If you’re leaving your job, you will normally have the right to your normal pay and benefits (company car for example), as set out in your contract of employment, during your notice period.
Even if your employment contract doesn’t set out how many hours you work you still have the right to be paid a minimum hourly rate of pay during your notice period that you are:
- off sick
- on holiday
- temporarily laid off
- on maternity/paternity/adoption leave
- ready and willing to do a reasonable amount of work to earn a week’s pay, but your employer doesn’t give you any work
Your pay during these periods is worked out by dividing your average week’s pay by the number of hours you normally work.
Exceptions to the right to minimum pay
You will not be entitled to a minimum pay rate during your notice period if:
- you are working a notice period that is longer than the minimum notice period by a week or longer
- you take part in strike action after giving notice
You will not be entitled to the minimum pay rate for any time off that you request during your notice period. However, this could be protected separately if, for example, you need time off:
- to look for work or arrange training if you are facing redundancy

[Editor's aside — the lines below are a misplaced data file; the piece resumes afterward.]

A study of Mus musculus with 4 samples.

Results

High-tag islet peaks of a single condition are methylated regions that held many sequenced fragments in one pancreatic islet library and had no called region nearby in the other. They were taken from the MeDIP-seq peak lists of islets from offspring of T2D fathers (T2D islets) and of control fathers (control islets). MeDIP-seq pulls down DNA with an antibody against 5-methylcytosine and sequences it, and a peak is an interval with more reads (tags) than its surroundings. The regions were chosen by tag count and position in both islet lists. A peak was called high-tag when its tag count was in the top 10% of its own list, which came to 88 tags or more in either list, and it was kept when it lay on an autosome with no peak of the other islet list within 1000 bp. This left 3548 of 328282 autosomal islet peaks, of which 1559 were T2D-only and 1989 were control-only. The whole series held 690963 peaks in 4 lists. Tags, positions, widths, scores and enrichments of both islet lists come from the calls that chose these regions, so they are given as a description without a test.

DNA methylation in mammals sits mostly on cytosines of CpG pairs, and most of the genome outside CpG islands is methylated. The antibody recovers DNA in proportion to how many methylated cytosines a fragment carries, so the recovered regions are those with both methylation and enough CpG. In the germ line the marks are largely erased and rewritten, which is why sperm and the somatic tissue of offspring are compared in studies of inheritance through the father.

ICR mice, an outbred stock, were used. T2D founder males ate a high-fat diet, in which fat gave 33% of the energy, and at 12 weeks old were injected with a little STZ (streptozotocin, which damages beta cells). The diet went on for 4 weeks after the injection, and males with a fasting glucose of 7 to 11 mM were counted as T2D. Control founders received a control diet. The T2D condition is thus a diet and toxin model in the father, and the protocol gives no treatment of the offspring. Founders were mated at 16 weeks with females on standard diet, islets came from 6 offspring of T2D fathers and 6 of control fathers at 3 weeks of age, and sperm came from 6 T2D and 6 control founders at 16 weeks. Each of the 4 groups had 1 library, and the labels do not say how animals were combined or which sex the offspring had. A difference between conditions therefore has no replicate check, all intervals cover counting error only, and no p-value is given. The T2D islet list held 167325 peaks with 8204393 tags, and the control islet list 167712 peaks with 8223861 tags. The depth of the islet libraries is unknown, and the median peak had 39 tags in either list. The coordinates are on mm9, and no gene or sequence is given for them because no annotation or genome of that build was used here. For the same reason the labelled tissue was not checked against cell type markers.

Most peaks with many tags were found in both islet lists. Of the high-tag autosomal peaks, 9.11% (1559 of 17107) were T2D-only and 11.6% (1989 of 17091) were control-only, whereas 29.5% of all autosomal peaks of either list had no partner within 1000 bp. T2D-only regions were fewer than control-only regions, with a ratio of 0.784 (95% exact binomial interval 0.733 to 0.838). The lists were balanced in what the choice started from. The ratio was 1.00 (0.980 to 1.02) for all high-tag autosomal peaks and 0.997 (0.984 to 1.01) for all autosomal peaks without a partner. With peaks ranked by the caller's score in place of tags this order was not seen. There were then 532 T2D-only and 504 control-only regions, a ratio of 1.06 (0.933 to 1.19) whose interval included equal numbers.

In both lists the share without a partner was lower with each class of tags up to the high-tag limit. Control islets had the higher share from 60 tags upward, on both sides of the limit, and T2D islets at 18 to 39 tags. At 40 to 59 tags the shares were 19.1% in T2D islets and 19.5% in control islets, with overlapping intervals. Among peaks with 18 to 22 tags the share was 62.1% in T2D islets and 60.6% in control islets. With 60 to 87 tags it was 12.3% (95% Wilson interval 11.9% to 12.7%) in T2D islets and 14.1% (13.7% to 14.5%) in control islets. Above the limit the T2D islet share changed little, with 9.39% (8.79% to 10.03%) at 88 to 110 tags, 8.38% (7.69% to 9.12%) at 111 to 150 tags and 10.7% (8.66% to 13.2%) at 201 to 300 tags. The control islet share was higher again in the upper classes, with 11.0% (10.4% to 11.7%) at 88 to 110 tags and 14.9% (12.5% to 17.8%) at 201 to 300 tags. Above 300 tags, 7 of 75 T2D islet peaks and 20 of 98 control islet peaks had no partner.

- for union duties
- for antenatal care
When notice pay is taxable
If you work your notice, you'll be taxed at the usual rate on the money you earn in your notice period.
If your receive payment in lieu of notice (PILON), this is only taxable if it's been provided for in your contract or is customary. Or, it’s not taxable unless the PILON together with redundancy and other compensation adds up to more than £30,000, in which case anything over £30,000 is taxable at the usual rate.
Insolvency happens when an employer has no money to pay the people they owe in full and they have to make special arrangements to try to meet these debts. If your employer wants to end your employment, but can't pay you because they're insolvent, you may be able to claim the money you’re owed from the Insolvency Practitioner.